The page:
As with a circle, never ending, healing is conceptualized as an active process, a journey or movement along a path. The goal of moving towards healing involves the removal of pain and establishing and maintaining a balance in one’s life.
The Indigenous worldview indicates a need to understand the interconnections between individuals, communities and their choices “An individual’s inner spirit is [understood to be] intertwined with their family, community, and the land and cannot be understood apart from them” (Dell et al., 2008:86). Individuals cannot be separated from their communities.
The circle process thus brings together all those who share in the collective responsibility of the family. The collective shares, listens and learns from one another’s perspective and will collectively plan, decide and commit to work with all members of the family.
The historical and contemporary realities of Indigenous communities has resulted in communities viewing child welfare as an agent of colonialism rather than a support to the safety and well-being of Indigenous children and youth.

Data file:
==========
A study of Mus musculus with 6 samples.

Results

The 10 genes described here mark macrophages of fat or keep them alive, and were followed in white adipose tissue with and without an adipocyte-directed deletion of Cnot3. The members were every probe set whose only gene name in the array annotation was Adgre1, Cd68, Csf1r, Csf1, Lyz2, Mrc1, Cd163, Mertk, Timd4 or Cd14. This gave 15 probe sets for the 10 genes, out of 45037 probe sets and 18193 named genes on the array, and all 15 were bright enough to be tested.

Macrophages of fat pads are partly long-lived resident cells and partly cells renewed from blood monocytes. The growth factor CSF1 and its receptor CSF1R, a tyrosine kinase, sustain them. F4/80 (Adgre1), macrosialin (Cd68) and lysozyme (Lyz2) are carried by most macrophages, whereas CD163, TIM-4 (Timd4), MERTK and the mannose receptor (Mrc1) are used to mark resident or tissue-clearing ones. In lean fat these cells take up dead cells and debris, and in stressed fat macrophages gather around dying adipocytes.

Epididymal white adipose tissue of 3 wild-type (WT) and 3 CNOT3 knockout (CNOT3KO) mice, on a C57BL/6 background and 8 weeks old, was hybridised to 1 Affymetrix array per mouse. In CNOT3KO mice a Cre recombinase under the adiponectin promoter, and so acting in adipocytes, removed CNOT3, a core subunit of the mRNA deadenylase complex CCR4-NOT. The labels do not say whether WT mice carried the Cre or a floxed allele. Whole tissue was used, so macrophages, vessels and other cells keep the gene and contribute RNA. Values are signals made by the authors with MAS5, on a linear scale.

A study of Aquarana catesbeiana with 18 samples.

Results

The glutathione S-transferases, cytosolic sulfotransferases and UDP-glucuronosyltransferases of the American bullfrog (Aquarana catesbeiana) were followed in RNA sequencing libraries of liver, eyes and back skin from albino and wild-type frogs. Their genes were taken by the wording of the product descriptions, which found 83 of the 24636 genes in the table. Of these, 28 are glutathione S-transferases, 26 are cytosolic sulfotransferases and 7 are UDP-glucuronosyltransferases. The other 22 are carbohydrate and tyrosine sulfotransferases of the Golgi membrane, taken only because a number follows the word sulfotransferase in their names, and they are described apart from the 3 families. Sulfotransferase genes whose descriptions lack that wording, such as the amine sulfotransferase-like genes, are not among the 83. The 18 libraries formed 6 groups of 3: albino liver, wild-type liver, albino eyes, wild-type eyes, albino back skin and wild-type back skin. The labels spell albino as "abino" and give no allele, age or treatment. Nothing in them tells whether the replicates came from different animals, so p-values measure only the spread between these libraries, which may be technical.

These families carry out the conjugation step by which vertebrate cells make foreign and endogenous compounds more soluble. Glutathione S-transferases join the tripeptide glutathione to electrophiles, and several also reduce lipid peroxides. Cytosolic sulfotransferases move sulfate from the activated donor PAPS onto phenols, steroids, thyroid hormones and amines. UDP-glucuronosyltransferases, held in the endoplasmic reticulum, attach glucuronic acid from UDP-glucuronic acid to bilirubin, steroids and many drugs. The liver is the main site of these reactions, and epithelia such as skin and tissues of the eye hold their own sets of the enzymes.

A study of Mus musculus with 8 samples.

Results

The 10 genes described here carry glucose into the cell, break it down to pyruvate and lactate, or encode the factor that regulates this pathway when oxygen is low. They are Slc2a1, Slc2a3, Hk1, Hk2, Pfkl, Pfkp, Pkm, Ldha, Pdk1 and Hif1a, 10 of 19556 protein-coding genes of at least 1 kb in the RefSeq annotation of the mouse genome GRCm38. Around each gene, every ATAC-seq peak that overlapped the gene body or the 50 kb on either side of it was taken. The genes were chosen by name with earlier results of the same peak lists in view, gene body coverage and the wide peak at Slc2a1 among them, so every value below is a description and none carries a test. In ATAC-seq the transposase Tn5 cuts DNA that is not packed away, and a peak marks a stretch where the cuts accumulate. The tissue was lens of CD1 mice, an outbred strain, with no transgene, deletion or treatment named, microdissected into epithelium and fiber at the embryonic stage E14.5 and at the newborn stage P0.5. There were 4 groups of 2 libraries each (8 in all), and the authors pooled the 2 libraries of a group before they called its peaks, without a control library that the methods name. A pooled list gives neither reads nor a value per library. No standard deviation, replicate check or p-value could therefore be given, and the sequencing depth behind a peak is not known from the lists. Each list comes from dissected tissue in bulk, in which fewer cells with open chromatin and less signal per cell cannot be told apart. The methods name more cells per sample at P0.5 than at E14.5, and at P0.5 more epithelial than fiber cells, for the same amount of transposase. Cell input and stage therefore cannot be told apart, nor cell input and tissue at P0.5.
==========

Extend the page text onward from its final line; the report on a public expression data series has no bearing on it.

Relationships that challenge power imbalances, institutional discrimination and colonizing practices demonstrate cultural safety. Safe services are defined by the recipient of the services and require the practitioner to understand that “[c]hildren, youth and families cannot be viewed in isolation from their extended family, their communities and the mental, physical, environmental, social and spiritual realms of their lives” (APPF, p.14). These connections /relationships are situated in the past, present and future.
Practitioners must attend to and ensure the safety of parents and family members participating in meetings and family circles/talking circles, and must ensure that these meetings/circles are experienced as safe, supportive and non-threatening.